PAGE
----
A Drive With Johnny Jewel

by Rasmus



If it's retrofuturistic, somewhat disco-inspired, and involves a range of moody synthesizers, chances are that Johnny Jewel is involved. Releasing music as part of Glass Candy, Desire, and Chromatics among others, Jewel has consistently pushed high quality music and secured himself a spot as the number one nu-disco posterboy (when that genre was still in vogue, of course).

While loyal followers of the Italians Do It Better imprint account for the majority of his fans, Jewel's fanbase has rapidly expanded recently. Among the newcomers is Danish film maker Nicolas Winding Refn, whose work includes last year's 'Drive.' Refn previously used a Glass Candy track for his 2008 movie Bronson and wanted Jewel to compose the entire score for 'Drive.' As a result, Jewel crafted more than three hours worth of music and was closely involved with the production of the movie. For reasons unknown, however, Jewel's score wax axed before the final cut. So, when you find yourself left with three hours of seemingly unreleasable music, what do you do next?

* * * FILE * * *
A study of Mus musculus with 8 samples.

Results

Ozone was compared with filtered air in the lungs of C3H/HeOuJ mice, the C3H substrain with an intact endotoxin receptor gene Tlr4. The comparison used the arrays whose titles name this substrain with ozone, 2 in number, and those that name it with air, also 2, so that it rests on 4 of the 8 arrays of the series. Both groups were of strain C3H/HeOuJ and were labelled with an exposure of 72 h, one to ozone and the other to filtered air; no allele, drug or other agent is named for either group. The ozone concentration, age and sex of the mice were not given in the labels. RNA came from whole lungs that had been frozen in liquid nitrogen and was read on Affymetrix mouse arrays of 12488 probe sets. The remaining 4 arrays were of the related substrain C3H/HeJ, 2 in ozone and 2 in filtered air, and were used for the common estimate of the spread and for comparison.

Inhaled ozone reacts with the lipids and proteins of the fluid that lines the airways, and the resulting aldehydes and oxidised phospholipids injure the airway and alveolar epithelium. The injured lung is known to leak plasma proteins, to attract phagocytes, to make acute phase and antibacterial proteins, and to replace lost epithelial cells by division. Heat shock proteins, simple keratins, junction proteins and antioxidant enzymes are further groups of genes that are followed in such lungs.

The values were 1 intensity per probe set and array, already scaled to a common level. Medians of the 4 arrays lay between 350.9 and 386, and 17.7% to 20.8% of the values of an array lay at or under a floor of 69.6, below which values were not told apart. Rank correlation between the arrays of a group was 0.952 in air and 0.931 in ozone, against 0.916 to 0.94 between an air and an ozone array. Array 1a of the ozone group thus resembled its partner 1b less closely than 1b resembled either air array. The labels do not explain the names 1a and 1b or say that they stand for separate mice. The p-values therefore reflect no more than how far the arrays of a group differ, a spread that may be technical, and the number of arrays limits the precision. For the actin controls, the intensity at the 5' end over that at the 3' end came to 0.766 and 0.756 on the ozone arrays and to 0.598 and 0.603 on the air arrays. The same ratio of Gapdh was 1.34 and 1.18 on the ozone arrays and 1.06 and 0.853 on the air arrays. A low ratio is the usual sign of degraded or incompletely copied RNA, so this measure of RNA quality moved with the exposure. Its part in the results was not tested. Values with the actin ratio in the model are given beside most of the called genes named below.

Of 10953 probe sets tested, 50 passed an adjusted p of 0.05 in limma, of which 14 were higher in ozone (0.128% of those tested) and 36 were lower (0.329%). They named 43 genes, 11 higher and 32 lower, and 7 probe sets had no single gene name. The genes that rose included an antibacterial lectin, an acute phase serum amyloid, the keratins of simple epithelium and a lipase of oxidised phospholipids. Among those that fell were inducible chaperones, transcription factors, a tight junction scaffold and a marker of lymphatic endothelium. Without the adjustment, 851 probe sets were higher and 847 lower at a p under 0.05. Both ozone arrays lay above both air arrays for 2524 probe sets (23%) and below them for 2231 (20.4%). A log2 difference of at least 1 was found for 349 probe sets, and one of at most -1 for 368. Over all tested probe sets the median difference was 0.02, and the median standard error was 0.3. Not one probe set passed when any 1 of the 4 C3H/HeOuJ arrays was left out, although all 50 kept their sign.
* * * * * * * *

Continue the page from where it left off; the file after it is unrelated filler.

'Symmetry' turned out to be part of the answer. Although the album's connection to the abandoned soundtrack is still unclear, the subtitle, "Themes For An Imaginary Film," suggests that his 'Drive' score makes up at least parts of the album. Even if that is not the case, 'Symmetry' seems like a perfect extension of the mood of 'Drive': Ominous synthesizers, nostalgic soundscapes, and sterile auto-navigation voices dominate the two hour soundtrack. Once again, Jewel's music is lush yet sparse and focused.

If you have seen the movie, of course, it is no surprise that he went with this approach. While Johnny Jewel's two hour score might be the perfect fit for his "imaginary film," it is also perfectly suited for for a movie that balances the dramatic and the cinematic, whether or not that movie is 'Drive.'

Check out Symmetry/ Themes for An Imaginary Film below.